Albany International's 3Q income drops

But hopes are high for Safran partnership



But that result isn’t what the Rochester-based company considers important.

The big deal is its relationship with Safran Aerospace –the biggest customer in Albany’s new Engineering Composites unit. Safran has invested some $28 million in a joint venture, the Leading Edge Aviation Propulsion (LEAP) engine. It has tested successfully, and production of the engine – though a year later than expected – will also be higher than expected.

Albany is the exclusive supplier of all 3D woven parts for Safran.

Albany’s paper machine clothing business, however, still drives profits and cash. Machine clothing sales in the quarter ending Sept. 30 declined 8.2 percent, but they still account for almost 90 percent of the company’s $183 million revenue for that quarter, which was down 5.9 percent.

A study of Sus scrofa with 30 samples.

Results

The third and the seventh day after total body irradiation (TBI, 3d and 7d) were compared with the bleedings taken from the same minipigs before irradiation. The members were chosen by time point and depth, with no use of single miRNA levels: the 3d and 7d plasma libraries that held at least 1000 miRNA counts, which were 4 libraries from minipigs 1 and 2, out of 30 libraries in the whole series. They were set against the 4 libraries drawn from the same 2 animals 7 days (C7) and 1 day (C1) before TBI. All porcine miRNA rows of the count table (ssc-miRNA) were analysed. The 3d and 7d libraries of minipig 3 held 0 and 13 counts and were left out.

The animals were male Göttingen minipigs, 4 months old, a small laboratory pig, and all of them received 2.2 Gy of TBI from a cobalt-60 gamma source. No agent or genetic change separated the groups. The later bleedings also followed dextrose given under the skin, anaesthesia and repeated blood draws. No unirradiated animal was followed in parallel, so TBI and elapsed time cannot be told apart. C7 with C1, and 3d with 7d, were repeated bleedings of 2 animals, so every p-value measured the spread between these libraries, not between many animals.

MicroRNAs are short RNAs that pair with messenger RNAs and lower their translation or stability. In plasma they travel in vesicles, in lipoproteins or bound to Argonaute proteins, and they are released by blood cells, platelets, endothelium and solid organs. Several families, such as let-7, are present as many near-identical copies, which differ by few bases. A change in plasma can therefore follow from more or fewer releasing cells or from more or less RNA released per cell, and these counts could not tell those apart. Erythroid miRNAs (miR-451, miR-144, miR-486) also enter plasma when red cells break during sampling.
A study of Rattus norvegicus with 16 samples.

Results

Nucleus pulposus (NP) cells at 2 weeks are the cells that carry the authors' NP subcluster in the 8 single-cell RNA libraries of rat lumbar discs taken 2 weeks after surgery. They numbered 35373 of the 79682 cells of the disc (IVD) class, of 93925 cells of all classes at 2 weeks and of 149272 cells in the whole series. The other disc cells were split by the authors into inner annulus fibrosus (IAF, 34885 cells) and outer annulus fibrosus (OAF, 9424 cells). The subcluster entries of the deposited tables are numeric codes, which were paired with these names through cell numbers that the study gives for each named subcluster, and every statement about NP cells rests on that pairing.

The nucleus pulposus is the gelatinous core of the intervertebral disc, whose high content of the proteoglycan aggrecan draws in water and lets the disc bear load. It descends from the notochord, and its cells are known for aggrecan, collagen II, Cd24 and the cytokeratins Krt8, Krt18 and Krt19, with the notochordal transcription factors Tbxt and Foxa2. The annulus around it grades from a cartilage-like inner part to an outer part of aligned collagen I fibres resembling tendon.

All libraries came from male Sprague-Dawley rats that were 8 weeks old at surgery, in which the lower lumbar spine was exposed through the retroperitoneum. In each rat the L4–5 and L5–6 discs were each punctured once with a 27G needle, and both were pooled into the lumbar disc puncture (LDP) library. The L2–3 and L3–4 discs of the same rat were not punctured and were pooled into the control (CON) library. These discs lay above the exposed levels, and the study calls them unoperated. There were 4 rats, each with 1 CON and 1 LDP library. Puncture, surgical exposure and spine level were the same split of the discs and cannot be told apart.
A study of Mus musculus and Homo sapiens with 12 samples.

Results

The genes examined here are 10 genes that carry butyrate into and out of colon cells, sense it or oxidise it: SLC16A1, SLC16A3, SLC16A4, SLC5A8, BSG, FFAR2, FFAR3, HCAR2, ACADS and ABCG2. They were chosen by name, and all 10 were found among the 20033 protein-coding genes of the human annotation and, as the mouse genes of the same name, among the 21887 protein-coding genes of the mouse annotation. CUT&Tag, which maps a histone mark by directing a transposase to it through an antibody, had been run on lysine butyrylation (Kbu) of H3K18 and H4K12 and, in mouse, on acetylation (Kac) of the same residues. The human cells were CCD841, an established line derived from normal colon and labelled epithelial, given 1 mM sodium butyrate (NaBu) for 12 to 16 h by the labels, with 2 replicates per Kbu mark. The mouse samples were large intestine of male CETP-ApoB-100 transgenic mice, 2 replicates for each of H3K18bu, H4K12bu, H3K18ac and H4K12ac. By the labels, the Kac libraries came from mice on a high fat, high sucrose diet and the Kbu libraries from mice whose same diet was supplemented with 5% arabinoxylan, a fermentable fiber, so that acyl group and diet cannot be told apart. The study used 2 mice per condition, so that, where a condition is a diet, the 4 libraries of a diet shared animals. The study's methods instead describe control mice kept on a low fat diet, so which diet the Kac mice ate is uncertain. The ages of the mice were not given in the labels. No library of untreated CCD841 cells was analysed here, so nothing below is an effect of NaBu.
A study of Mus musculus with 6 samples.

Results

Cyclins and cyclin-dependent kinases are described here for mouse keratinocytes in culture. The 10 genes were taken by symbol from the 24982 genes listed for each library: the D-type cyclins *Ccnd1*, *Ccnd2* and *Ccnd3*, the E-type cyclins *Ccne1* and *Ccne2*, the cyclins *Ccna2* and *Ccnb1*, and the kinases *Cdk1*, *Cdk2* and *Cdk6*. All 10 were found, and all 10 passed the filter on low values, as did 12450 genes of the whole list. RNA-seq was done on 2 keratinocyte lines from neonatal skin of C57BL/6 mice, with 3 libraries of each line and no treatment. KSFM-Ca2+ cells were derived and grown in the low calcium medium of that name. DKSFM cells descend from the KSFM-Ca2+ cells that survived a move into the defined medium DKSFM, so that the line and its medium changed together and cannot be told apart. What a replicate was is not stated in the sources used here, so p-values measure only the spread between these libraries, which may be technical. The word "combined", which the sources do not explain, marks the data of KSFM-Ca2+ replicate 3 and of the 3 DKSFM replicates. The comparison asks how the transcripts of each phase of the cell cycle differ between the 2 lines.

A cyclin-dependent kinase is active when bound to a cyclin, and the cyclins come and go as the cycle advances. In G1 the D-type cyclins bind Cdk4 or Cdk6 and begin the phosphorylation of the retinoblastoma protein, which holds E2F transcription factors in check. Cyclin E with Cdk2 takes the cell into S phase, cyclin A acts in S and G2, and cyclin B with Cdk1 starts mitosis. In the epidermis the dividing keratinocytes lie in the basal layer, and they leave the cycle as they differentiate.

Year-to-date total sales were $568 million, $1 million short of 2012, resulting in net income of $8.8 million (28 cents a share) for the year, compared to $22.8 million last year.

CEO Joe Morone blamed the “disappointing” machine clothing unit’s quarter on weak Asian sales and a seasonal slowdown, though he said it was short term.

“We expect a strong first half in 2014,” Morone said.

Meanwhile, quarterly sales of engine components were up, by 18.5 percent, to $20.3 million.

Safran spent $28 million to get a 10 percent equity in a new Albany subsidiary, Albany Safran Composites LLC, with the potential of growing it to $267 million by 2019. While Albany can’t supply other aerospace engine manufacturers with products from the unit, it is free to work with automobile engine manufacturers.

Production is expected to start in 2016, with 1,700 engines expected to be built by early 2019 and perhaps 1,800 at the end of the decade. The previous estimate was 1,600 engines by 2020.